When aliens visit Earth a race begins to discover their intentions. Are they here to share their technology or do they wish us harm? This is the question Louise Banks hopes to figure out by decoding their sophisticated language.
The story revolves around the central mystery of the alien language and humanity’s response to their arrival. By making hasty decisions, without attempting to understand them, people are pandering to fear and reacting with a conflict-based solution. Should we talk to the aliens, to figure out their real motivation for visiting and hope to arrive at a peaceful understanding — or annihilate them?
This is really a story about gender: roles, behaviour, and expectations. Louise seeks to communicate and rationalise, while the male (military) response is based on fear and violence. Louise also breaks away from female stereotypes — women who react emotionally, and ‘woman’s intuition’ — by displaying rational intellect and common sense. The alien language is venerated as a valuable tool for humanity. Language has the power of gifting awareness and self-transcendence, so that humanity can ‘arrive’. It performs both a metaphorical role and a special plot-related function.
With an emphasis on communication and language the ultimate answer to the challenge Louise faces is explored through psychological tension rather than purely dramatic action. Being a film about ‘female’ problem solving skills — conflict resolution — rather than macho violence, the physical action is mainly perpetrated by the ‘bad guys’: renegade military types who are paranoid or otherwise ignorant of the truth. Arrival is a feminist story about a woman who solves a problem through the peaceful application of intellect — by grasping and coming to terms with long-term consequences and, in the face of this, doing what is right. For Louise, this means making value-based judgements: appreciating the big picture. Louise is a special person because she values a long-term view of humanity’s future.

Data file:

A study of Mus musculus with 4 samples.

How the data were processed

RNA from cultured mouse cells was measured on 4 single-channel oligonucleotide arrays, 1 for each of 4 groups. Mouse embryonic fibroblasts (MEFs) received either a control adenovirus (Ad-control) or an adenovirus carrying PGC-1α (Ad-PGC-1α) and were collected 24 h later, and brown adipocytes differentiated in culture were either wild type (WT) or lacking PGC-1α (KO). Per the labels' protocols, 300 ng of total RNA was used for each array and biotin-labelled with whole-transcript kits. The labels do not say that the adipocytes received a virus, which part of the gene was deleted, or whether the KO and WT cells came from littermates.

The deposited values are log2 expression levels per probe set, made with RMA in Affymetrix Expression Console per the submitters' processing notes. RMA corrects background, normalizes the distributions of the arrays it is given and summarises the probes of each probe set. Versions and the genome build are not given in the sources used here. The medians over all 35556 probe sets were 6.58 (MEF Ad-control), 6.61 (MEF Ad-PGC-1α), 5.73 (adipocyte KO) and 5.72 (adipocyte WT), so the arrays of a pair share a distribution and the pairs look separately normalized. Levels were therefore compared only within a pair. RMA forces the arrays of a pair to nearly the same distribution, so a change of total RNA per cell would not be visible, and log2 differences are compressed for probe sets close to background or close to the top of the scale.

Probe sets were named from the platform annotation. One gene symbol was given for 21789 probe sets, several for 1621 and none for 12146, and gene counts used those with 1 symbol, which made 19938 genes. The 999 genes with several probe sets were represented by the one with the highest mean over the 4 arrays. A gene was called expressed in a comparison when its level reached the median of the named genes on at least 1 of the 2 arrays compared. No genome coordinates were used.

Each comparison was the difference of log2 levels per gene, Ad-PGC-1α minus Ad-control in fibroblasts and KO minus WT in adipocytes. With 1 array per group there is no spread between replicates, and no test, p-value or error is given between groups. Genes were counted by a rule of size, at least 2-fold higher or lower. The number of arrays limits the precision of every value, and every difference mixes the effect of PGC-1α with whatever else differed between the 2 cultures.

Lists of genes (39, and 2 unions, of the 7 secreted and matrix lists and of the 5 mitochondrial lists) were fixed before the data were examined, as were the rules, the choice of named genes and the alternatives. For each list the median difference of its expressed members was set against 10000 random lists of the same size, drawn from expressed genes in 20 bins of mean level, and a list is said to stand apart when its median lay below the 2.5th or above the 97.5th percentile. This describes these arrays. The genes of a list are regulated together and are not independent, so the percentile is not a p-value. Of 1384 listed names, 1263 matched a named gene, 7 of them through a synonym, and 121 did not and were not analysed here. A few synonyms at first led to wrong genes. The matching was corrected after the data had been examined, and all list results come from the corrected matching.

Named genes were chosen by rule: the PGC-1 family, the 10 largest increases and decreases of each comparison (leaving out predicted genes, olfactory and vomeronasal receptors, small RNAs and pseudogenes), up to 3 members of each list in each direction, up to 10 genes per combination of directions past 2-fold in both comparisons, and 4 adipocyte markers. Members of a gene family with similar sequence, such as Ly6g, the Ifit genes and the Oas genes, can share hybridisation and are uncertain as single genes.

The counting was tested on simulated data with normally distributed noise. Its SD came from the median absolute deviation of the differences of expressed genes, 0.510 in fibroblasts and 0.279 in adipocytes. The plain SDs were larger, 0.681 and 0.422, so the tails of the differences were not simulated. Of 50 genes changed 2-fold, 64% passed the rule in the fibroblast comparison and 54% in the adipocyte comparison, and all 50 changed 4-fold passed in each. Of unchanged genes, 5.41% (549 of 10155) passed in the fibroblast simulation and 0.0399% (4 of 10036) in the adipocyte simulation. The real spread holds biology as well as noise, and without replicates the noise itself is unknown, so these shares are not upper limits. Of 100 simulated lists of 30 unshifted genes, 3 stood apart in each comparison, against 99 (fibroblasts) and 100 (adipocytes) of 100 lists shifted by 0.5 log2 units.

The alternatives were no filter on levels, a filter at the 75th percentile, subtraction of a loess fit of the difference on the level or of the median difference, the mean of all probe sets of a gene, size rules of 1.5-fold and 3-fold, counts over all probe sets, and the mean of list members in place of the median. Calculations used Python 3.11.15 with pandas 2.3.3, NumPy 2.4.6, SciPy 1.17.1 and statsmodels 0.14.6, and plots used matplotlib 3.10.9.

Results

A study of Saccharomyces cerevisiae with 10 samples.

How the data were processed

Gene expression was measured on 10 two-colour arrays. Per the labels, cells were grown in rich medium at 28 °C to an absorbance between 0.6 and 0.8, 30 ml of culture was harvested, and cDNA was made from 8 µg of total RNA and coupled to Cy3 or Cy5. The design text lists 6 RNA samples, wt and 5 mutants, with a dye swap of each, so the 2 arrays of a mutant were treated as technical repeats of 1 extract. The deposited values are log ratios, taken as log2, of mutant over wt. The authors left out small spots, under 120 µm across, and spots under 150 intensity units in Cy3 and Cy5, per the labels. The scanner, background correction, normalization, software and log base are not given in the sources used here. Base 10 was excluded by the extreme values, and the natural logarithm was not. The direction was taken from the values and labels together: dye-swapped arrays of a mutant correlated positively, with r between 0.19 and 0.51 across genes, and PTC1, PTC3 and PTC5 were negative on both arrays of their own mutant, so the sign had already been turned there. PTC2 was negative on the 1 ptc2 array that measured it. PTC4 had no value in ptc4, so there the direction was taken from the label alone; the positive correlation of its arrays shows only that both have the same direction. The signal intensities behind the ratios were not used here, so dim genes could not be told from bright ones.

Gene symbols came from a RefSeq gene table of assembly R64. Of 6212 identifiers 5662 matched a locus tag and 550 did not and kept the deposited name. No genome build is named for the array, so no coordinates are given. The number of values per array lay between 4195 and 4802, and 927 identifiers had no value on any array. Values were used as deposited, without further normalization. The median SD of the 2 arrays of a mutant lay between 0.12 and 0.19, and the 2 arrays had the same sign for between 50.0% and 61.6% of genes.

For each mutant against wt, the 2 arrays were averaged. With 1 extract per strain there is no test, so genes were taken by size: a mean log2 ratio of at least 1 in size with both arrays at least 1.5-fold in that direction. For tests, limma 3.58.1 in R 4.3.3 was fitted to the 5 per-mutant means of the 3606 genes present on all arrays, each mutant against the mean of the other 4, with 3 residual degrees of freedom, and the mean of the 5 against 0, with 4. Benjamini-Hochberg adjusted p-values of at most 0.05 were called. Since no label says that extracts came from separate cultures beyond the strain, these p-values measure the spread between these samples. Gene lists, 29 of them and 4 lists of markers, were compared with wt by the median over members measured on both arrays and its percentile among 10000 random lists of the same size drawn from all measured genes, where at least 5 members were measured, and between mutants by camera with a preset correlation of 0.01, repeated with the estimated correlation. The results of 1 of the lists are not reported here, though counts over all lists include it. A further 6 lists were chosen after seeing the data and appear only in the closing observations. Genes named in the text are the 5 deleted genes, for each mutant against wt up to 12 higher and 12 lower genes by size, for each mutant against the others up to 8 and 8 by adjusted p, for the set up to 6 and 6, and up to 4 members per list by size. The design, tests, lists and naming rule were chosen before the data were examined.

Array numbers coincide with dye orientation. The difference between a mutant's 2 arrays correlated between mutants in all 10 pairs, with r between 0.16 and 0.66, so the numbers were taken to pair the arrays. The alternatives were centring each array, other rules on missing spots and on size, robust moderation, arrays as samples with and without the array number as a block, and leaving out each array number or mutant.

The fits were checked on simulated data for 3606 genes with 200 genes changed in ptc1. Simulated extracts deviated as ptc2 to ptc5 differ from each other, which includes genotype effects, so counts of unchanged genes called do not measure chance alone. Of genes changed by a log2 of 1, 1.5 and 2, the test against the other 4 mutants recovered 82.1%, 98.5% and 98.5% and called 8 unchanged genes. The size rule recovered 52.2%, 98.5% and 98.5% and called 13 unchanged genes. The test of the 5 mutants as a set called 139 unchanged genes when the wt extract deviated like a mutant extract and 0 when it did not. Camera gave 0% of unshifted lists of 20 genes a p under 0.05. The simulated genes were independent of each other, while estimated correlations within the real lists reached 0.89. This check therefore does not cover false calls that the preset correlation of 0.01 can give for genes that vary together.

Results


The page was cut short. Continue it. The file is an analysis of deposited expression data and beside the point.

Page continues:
The representation of the military as fixed thinking, using fear-based solutions that lead to violence, suggests that humanity’s answers lie with thinkers and academics rather than generals and politicians. The behaviour of the ‘military industrial complex’ echoes the soldiers in The Abyss who also react to the unknown with the threat of violence. In parallel to Louise’s requirement to communicate with the aliens, she must also get through to a top ranking Chinese military official, to persuade him not to attack an alien spacecraft. Once again, she literally uses language to solve the problem.
The limitation of the story is that the aliens remain behind a sheet of glass, obscured within the misty confines of their gaseous atmosphere. We never get to meet them, and this feels unsatisfactory. We do learn the purpose of their visit, but it feels like a footnote in the story compared to Louise’s incredible decoding achievement. Arrival celebrates a female hero solving a global dilemma through lateral thinking and rationally analysis — peaceful means. It’s also a warning about reacting to the unknown with violence.